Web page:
Verizon, AT&T, Sprint and T-Mobile Partner to Replace Ancient Text Messaging


AT&T, Verizon, T-Mobile and Sprint announced the “Cross-Carrier Messaging Initiative” (CCMI) in a joint press release on Friday.

That initiative focuses on the RCS messaging protocol — which could simultaneously replace SMS and put pressure on iMessage. Here’s what you should know.

Replacing SMS with RCS

In a nutshell, the RCS (Rich Communication Services) protocol will bring internet-based messaging features — like those seen on WhatsApp or iMessage — to standard text messages.

SMS is an objectively terrible messaging standard, especially when compared to the aforementioned internet standards.

If carriers actually do end up adopting RCS, it could mean better group chats, typing indicators and higher-quality images and videos, among other benefits. Basically, everything that iMessage does and SMS doesn’t. (RCS is not currently end-to-end encrypted like iMessage is, however.)

But RCS is also extremely complicated, both technically and politically. The bottlenecks associated with actually adopting the standard are likely why you may never have heard of it.

What the Carriers Announced Today

CCMI is, essentially, a coalition of the biggest carriers in the U.S. The joint venture’s main goal is to “create a single seamless, interoperable RCS experience across carriers, both in the U.S. and globally.”

While the CCMI has a long way to go, it did announce a new RCS-based Android app that will ship sometime next year.

The CCMI will also work with device manufacturers to ensure that the messaging standard is interoperable across various smartphones and systems. Though, at this point, Google, Samsung and other OEMs haven’t commented.

Lastly, the CCMI also positions RCS as a potential win for businesses, allowing customers to interact with brands and support staff much more easily than they would over SMS.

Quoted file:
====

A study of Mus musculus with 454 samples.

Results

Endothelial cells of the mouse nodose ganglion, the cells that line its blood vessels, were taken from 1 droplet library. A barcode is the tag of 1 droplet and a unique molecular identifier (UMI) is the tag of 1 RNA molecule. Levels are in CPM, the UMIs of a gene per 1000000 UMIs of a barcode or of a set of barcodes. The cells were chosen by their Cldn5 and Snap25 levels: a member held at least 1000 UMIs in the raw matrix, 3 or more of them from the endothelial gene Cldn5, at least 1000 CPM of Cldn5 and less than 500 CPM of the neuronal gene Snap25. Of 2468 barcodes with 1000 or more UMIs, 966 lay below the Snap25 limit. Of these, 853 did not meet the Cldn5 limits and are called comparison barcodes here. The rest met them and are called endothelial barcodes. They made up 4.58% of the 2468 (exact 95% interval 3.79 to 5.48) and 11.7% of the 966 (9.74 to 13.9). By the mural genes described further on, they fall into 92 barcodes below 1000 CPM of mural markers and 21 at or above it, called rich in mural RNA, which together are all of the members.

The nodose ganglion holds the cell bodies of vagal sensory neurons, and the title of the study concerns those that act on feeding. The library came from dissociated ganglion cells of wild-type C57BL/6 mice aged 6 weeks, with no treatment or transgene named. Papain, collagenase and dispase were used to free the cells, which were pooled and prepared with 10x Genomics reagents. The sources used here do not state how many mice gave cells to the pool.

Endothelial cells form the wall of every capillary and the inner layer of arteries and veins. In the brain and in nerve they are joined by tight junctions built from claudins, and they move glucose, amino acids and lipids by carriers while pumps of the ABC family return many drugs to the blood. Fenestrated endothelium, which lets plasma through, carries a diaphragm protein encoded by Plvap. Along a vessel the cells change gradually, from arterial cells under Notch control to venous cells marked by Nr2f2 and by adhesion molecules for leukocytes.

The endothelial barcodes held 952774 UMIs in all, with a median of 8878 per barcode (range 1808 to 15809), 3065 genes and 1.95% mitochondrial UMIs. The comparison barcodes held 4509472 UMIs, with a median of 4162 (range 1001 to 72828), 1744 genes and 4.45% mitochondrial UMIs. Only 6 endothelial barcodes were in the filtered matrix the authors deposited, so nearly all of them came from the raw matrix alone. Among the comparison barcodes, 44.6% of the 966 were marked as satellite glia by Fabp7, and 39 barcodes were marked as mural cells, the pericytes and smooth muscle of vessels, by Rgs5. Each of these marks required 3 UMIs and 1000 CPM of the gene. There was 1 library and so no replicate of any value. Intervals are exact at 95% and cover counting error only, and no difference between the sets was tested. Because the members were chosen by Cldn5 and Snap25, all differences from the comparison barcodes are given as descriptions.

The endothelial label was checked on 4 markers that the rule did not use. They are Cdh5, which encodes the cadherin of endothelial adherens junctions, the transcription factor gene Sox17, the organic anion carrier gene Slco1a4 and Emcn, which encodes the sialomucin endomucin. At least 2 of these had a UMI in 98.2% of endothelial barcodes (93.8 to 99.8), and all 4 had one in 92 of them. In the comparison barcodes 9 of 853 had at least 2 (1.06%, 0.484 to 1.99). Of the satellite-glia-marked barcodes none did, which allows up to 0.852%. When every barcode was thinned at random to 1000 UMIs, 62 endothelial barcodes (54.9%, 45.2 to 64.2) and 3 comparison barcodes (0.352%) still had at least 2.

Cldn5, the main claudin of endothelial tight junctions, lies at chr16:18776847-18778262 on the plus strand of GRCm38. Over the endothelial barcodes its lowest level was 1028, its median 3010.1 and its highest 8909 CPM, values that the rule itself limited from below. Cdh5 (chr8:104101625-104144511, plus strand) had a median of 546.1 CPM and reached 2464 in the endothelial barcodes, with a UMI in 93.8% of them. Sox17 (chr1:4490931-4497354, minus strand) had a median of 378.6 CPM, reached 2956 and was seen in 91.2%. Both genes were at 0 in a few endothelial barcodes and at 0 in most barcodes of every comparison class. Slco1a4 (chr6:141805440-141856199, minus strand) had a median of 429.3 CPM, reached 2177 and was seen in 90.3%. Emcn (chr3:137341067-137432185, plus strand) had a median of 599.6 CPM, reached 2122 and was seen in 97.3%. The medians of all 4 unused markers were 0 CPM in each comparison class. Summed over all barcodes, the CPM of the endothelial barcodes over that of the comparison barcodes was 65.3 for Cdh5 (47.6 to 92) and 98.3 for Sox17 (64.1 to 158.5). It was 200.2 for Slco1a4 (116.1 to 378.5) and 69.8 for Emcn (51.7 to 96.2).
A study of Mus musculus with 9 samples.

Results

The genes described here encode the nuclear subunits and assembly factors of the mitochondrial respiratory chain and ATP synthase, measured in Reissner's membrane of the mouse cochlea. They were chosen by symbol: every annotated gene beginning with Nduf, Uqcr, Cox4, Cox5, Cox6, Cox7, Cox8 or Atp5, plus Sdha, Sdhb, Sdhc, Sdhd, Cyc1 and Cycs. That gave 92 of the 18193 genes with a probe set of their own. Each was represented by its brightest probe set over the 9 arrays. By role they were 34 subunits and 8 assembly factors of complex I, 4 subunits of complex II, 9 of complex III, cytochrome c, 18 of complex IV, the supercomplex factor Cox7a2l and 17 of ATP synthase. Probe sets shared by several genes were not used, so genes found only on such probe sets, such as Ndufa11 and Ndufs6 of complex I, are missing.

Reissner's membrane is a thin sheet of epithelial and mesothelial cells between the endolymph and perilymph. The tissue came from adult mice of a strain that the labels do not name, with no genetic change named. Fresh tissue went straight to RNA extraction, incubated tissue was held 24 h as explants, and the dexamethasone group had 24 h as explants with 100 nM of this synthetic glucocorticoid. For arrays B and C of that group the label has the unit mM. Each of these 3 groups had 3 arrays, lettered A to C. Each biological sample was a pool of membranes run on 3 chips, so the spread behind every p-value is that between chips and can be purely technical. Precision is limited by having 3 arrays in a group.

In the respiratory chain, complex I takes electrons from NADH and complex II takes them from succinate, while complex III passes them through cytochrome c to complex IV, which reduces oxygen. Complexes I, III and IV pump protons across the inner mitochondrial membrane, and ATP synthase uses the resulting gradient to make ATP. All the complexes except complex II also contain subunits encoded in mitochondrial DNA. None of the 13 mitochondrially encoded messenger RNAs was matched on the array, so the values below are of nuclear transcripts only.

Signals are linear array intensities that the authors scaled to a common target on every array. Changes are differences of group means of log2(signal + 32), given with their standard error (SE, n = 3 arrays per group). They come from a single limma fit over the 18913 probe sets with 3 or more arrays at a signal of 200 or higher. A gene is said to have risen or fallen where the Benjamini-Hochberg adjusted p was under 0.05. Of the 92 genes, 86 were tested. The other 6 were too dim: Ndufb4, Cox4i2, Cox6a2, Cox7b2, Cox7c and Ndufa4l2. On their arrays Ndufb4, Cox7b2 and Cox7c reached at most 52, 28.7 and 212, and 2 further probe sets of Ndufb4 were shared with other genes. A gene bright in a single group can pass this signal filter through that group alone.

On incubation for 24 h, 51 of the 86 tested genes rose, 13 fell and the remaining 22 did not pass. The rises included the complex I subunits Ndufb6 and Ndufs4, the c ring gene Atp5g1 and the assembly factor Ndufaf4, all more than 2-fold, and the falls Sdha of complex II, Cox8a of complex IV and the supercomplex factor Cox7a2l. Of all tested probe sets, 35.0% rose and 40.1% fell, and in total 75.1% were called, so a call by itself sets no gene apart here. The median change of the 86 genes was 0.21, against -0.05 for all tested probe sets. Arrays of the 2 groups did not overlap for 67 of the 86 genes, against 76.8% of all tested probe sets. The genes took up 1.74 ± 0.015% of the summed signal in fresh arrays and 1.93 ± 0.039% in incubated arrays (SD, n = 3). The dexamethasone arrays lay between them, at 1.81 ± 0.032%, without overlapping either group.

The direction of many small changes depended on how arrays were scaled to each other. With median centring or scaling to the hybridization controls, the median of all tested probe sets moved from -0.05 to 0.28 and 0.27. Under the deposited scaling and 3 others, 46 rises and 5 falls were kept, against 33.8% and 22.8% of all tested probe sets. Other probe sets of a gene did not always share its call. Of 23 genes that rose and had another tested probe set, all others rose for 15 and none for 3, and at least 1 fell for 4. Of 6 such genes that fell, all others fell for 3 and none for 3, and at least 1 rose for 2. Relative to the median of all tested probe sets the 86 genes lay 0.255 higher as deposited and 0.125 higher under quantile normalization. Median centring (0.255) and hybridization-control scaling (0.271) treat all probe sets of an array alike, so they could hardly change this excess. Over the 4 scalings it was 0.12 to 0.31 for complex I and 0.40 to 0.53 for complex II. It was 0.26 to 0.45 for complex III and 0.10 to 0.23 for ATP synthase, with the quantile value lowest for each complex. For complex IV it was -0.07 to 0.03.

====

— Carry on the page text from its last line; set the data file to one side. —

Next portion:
What This Means for Apple

It’s not clear what this means for Apple, particularly since it’s very early in RCS’s potential adoption.

But, of course, there have long been problems with SMS text messages, particularly on iPhones. You may be familiar with the whole green bubble / blue bubble debacle.

A universal RCS standard would essentially do away with the differences between Android and iMessage protocols. But that is, of course, dependent on whether or not Apple actually adopts it on its iPhones.

Apple, for its part, has offered no comment on the RCS standard. That’s likely because it already has iMessage, so its users may not benefit the same way Android users will.

But, like WhatsApp or other internet-based protocols, a universal RCS standard could go toe-to-toe with iMessage and put quite a bit of pressure on Apple. If iMessage loses its advantages, then Apple may have a stronger incentive to bring iMessage to Android, for example.

Bottom Line

The universal adoption of RCS is likely quite a while away. But today’s announcement does indicate that SMS’s days are numbered and a better messaging future may be on the horizon.